I’ve just finished an interview with an accountant… (insert your joke or comment of choice)… for a Financial Controller role. Actually it’s a great opportunity with a small private investment company.
I generally start an interview with an easy general question like, “How’s work?” In this case the response was, “Flat-out! I’m super busy because of EOFY (End of Financial Year).” Makes sense and I’m sure there are thousands of accountants around Australia who are saying the same thing.
According to that font of all modern wisdom, Wikipedia, Australia is one of only a small list of countries that use 1 July to 30 June as the financial year. Others include New Zealand, Japan and Egypt. In comparison the US use 1 January to 31 December and the UK is more unusual, being 1 April to 31 March for government. UK businesses can choose any 12 month period.
Given that much of Australian law and business practices have British origins, you might expect that we would have a similar EOFY. Some sources suggest that our reverse seasons compared to the Northern Hemisphere mean more Australians are on holiday in January and at work in the winter months. I’m not a Mythbuster, so I’ll just say that is plausible.
In my patch of the recruitment world, financial services, three out of four major Australian banks have changed to 30 September as their EOFY. Most other financial services organisations that I work with ie. industry superannuation funds, fund managers, smaller banks, investment consultants and private wealth managers, use 30 June as EOFY.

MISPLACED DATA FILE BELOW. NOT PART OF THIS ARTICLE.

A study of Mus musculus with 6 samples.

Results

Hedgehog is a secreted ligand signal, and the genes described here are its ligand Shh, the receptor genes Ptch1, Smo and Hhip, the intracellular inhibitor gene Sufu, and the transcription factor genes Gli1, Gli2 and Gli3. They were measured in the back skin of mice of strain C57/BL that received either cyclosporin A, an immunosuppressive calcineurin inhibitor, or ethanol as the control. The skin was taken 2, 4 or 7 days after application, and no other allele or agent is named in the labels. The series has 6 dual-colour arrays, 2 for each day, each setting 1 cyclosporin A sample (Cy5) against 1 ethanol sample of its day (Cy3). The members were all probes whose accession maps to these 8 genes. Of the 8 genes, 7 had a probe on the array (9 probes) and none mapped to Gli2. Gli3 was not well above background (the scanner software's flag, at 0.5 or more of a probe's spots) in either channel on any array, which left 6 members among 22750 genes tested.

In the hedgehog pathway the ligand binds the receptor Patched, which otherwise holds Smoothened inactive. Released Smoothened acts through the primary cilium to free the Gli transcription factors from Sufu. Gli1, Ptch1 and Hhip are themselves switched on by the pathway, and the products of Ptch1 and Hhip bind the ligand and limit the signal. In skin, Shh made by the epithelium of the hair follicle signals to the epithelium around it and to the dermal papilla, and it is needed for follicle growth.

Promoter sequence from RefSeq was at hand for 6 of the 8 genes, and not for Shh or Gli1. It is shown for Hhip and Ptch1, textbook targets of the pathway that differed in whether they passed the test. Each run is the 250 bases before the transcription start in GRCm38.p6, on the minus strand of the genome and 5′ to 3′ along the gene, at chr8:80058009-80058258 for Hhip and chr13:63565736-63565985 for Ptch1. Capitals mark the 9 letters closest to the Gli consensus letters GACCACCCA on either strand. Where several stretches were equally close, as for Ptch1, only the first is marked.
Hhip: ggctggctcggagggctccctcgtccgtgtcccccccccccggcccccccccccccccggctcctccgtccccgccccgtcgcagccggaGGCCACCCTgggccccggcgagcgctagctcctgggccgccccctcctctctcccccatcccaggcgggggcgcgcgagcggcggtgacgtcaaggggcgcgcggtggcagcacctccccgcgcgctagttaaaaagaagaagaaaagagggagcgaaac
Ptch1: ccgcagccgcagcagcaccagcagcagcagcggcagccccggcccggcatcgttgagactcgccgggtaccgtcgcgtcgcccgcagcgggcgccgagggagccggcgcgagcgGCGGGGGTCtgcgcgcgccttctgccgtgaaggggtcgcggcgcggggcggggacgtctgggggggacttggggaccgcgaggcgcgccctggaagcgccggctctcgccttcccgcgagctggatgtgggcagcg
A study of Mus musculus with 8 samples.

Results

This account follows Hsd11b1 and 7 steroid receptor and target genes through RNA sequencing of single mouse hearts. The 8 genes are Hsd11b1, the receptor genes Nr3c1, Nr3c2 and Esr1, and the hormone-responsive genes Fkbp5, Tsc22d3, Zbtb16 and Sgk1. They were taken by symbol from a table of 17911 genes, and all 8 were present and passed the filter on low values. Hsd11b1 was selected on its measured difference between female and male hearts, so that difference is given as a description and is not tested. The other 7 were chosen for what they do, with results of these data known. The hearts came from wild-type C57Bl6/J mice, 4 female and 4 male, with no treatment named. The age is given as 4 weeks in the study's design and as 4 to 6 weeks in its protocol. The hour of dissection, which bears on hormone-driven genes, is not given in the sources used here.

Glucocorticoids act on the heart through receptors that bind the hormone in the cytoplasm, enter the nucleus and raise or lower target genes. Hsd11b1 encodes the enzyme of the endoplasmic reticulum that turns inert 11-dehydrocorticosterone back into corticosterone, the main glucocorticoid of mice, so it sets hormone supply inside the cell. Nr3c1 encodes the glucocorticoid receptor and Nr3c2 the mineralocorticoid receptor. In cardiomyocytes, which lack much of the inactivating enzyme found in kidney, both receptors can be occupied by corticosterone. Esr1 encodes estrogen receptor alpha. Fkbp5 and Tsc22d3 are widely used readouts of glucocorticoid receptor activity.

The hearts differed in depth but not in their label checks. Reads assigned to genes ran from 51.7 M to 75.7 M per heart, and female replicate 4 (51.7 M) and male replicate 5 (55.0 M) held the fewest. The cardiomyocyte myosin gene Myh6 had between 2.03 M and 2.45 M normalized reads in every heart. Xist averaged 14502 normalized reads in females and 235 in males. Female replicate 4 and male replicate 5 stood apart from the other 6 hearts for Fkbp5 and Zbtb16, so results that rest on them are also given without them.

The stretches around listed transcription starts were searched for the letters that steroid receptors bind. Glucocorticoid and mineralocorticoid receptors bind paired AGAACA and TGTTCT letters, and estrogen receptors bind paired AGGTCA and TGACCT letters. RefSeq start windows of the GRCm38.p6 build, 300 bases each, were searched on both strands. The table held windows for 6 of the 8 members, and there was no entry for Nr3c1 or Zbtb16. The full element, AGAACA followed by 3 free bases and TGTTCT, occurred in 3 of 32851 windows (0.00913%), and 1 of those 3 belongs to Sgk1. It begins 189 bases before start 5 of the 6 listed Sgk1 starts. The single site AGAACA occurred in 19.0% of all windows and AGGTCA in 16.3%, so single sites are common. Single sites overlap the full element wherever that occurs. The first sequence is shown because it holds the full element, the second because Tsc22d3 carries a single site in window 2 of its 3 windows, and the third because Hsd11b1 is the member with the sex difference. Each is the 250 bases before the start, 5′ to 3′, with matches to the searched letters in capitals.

What I’ve seen in the last few months is lots of strategic planning for next financial year and establishment of budgets. Generally I’d say recruitment intentions are quite positive.
For many of us EOFY is a busy time, trying to complete work. Now is a chance for a quick spot of reflection and strategy refinement: What worked, what didn’t and how can we improve?
OK reflection done, there’s calls to be made!
Stephen is a Superannuation & Funds Management specialist with over 20 years experience recruiting for superannuation funds, fund managers, banks, wealth managers and other industry aligned businesses. Stephen has built extensive industry networks and has acquired deep knowledge of industry trends and the latest developments in the ongoing ‘war for talent’. This enables him to identify and engage passive talent and successfully complete a long list of search assignments for the organisations he partners with.